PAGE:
Geologist, geographer and writer.
For as long as I can remember I have been fascinated by our natural world and how it affects human societies. We are shaped by our environment – and the foundation of the natural world is geology. Geology creates the landscape and influences the climate; it focuses human settlement patterns by determining agricultural production and resource availability; and it controls natural hazards such as volcanoes and earthquakes. Our planet is complex and highly diverse.
In college I initially studied cultural Geography, emphasizing human influence on the environment. After graduation I was employed at a planning and design firm where I wrote environmental impact reports. After a few years I wanted to learn more about the natural world, plus spend time working outside of an office, so I pursued another degree in Geology and then a doctorate in Paleontology. Along the way I landed a position evaluating geologic hazards with a consulting firm. Traveling for this consulting work was a fabulous way for me to learn more about the world. Between trips for work projects and on holidays, I have had opportunities to visit several continents.
The country that has impressed me the most is Peru. When I first traveled there as a tourist in 2005, I was astounded by the size and majesty of the Andes Mountains. Towering along the western edge of South America for thousands of miles, they are the location of frequent earthquakes, volcanic eruptions, droughts, floods, and other natural disasters. As I learned more about the ancient cultures that had inhabited these mountains, I was awed by the accomplishments and adaptations of the indigenous people, allowing them to flourish in such a challenging environment. I was particularly intrigued by the stone block structures that they built, including the ability of many of these to withstand the tests of a dynamic geologic environment for centuries.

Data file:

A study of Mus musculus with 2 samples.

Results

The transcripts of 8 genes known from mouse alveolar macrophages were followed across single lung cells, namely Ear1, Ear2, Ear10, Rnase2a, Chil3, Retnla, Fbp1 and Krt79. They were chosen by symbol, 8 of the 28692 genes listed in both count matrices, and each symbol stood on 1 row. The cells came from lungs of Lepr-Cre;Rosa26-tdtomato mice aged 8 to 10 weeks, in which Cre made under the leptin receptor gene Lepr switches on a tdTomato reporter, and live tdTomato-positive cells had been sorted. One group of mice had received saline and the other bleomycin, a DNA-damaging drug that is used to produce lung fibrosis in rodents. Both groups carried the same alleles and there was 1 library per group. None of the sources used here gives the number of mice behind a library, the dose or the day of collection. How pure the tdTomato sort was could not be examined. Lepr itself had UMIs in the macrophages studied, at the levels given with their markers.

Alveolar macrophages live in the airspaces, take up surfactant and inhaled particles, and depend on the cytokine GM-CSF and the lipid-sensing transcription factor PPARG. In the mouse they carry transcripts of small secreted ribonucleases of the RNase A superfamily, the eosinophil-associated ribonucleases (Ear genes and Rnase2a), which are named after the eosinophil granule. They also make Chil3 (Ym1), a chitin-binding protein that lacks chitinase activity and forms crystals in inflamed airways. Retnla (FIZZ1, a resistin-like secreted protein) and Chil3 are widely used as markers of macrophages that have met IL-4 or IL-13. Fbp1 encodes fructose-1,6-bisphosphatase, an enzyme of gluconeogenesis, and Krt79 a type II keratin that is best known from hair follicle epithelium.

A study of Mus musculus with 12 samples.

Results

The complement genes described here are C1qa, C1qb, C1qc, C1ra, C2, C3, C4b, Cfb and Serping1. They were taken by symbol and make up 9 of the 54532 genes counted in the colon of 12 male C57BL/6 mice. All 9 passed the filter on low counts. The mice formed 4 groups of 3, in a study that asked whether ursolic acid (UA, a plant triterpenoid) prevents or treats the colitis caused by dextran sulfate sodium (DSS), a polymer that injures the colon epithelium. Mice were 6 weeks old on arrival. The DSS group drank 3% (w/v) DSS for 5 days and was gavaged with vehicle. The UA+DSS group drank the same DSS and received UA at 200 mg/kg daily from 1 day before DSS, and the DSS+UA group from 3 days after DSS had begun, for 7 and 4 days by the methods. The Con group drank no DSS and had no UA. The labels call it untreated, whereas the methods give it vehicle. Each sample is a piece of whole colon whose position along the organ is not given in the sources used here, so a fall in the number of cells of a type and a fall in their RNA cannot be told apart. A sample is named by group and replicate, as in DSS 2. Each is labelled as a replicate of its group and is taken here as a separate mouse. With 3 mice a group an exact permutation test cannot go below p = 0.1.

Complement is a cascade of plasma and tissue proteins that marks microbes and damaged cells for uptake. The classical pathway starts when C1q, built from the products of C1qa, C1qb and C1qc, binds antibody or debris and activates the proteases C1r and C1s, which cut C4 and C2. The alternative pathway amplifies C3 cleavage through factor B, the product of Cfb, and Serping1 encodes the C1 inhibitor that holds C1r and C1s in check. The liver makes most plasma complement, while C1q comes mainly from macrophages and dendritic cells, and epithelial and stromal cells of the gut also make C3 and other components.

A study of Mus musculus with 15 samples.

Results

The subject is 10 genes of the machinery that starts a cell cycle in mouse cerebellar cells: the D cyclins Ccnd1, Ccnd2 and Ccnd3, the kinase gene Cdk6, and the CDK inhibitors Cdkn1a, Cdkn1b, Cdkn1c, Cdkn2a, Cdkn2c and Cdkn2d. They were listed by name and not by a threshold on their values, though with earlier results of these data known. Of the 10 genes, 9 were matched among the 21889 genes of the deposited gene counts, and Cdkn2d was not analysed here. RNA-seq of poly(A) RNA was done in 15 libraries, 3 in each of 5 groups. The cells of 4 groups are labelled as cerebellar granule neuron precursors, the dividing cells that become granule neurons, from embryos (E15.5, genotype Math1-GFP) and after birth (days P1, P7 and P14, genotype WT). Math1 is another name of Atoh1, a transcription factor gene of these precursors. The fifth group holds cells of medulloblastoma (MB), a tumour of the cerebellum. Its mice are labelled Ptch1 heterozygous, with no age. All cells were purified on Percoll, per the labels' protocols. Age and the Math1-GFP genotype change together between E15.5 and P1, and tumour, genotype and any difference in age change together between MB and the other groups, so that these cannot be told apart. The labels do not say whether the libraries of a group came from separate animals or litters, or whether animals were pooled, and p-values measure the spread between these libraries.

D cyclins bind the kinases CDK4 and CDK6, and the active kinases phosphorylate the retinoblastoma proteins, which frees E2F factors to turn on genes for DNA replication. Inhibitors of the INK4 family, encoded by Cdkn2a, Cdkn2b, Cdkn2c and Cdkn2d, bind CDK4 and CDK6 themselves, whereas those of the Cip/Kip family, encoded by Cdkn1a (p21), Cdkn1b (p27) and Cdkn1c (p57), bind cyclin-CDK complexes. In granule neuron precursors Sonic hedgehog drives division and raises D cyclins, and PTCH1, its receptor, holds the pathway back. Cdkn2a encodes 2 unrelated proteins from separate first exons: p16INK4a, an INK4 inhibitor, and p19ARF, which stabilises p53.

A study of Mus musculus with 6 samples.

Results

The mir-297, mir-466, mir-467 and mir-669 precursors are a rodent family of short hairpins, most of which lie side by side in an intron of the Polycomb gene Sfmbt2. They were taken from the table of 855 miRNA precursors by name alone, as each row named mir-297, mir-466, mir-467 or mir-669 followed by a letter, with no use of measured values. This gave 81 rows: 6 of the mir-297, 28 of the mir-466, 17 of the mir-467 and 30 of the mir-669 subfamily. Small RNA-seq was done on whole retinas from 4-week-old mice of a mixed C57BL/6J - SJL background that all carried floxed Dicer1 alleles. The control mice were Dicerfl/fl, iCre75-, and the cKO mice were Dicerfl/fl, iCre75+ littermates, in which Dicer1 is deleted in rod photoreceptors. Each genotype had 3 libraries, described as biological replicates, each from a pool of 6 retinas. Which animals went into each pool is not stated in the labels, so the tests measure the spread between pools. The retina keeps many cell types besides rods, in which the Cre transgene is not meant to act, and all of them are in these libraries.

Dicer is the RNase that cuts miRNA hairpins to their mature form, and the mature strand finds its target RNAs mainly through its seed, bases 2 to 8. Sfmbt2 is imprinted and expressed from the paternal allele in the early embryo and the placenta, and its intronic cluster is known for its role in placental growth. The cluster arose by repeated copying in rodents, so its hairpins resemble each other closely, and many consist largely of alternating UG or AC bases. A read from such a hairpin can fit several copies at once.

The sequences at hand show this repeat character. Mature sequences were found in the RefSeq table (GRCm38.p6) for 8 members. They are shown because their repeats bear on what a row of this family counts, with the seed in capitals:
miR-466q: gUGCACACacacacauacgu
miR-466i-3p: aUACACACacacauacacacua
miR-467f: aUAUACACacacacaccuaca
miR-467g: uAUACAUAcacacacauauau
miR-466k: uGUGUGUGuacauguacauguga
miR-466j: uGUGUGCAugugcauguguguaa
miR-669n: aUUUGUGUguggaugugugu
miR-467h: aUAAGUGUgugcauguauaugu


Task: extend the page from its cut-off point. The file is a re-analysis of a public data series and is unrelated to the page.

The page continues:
I searched for books with a broad overview of the geology and geography of the Andes. Finding none, I decided to write such a book myself. Subsequently, along with my two favorite field geologists and a biologist, I revisited Peru to collect information for my book.
In my 35 years of experience as a consulting geologist I have evaluated potential earthquake, volcanic and other geologic hazards for numerous critical facilities such as large dams and power plants. The years I spent searching for traces of active faults while hiking through rugged landscapes in the Western U.S. and in the Sahara Desert in Egypt were a highpoint in my career. I have had the opportunity to learn about geologic hazards for locations around the globe, ranging from Canada to Papua New Guinea. I have participated in many studies to develop hazard methodology and policy recommendations for federal, state, and professional organizations.
I am the author or co-author of many technical papers (also published under the name R. C. Perman). My bachelor’s degrees in Geography and Geology, and my Ph.D. in Paleontology, are all from the University of California at Berkeley. My family settled in the San Francisco Bay Area many generations ago, and I feel fortunate to be a lifelong resident of this area. Among my favorite activities are hiking through the hills and along the coastlines of the numerous regional parks, with the huge expanse of the Pacific Ocean to the west always reminding me of the wider world.